The nonprofit Montana Budget and Policy Center released a report last week detailing a county-by-county breakdown of the benefits of Montana’s Medicaid expansion program, which is slated to sunset in mere months.
The report, titled Medicaid Expansion Works for Every County in Montana, was released as the 2019 Legislature continues to consider options for how to continue Medicaid expansion — a program that serves nearly 100,000 Montanans.
The report highlighted county-specific data across four main categories: Medicaid enrollee totals, preventive screenings, behavioral health services and businesses with employees enrolled.
According to the report, in Flathead County, nearly 9,000 residents, or about 10 percent of the population, is currently enrolled. More than 1,600 businesses, or about 61 percent of businesses in the county, have at least one employee enrolled in Medicaid expansion. More than 9,500 preventive services have been provided in Flathead County and nearly 3,000 enrollees have accessed mental health outpatient services in the valley. For those two categories, Flathead County ranks third overall in the state behind Missoula and Yellowstone counties.
Enrollment is higher in nieghboring counties, with Lincoln county showing a 12.1 percent enrollment of the total population and Lake County sitting at 13 percent. However, those who have accessed mental health outpatient services are much less with Lake County showing 1,211 enrollees and Lincoln showing 738.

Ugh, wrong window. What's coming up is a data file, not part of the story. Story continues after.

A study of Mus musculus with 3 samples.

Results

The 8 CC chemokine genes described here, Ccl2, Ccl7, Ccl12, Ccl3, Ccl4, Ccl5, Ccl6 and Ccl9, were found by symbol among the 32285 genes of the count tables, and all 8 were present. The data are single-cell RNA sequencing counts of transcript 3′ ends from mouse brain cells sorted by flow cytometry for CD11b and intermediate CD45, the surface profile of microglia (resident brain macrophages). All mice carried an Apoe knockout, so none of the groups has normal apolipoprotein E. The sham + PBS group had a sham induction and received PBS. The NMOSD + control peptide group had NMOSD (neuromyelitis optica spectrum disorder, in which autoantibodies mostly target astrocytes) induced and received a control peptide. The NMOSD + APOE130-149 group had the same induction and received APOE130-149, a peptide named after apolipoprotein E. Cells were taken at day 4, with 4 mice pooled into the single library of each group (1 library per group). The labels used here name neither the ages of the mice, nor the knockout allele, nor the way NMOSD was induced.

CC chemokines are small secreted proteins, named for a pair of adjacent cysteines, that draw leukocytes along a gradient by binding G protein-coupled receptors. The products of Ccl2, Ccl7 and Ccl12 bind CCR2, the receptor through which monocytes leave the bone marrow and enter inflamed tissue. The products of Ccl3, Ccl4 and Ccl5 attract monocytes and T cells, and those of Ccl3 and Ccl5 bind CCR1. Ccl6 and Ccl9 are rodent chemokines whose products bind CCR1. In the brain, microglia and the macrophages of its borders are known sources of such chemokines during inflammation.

As a whole, 44,000 Montanans statewide accessed counselors, doctors, support groups, or medication to treat and manage health issues or addiction. More than 92,000 have accessed over 300,000 preventive services.
The report says lawmakers should continue with the state’s current program, the Health and Economic Livelihood Partnership, which was passed in 2015.
Democratic lawmakers have pushed to keep the current plan in place, with Rep. Mary Caferro, D-Helena, introducing a bill that reflects just that. Gov. Steve Bullock has been outspoken about supporting the current program as well.
On the other hand, the majority of Republican lawmakers are looking to implement community engagement requirements that would require able-bodied adults, with some exceptions, to log a certain amount of work hours per week. The bill was introduced by Rep. Ed Buttrey, R-Great Falls.
There are some Republican lawmakers who do not favor either of the bills.
State lawmakers heard public testimony last week on both proposals.
Reporter Kianna Gardner can be reached at 758-4439 or email@example.com.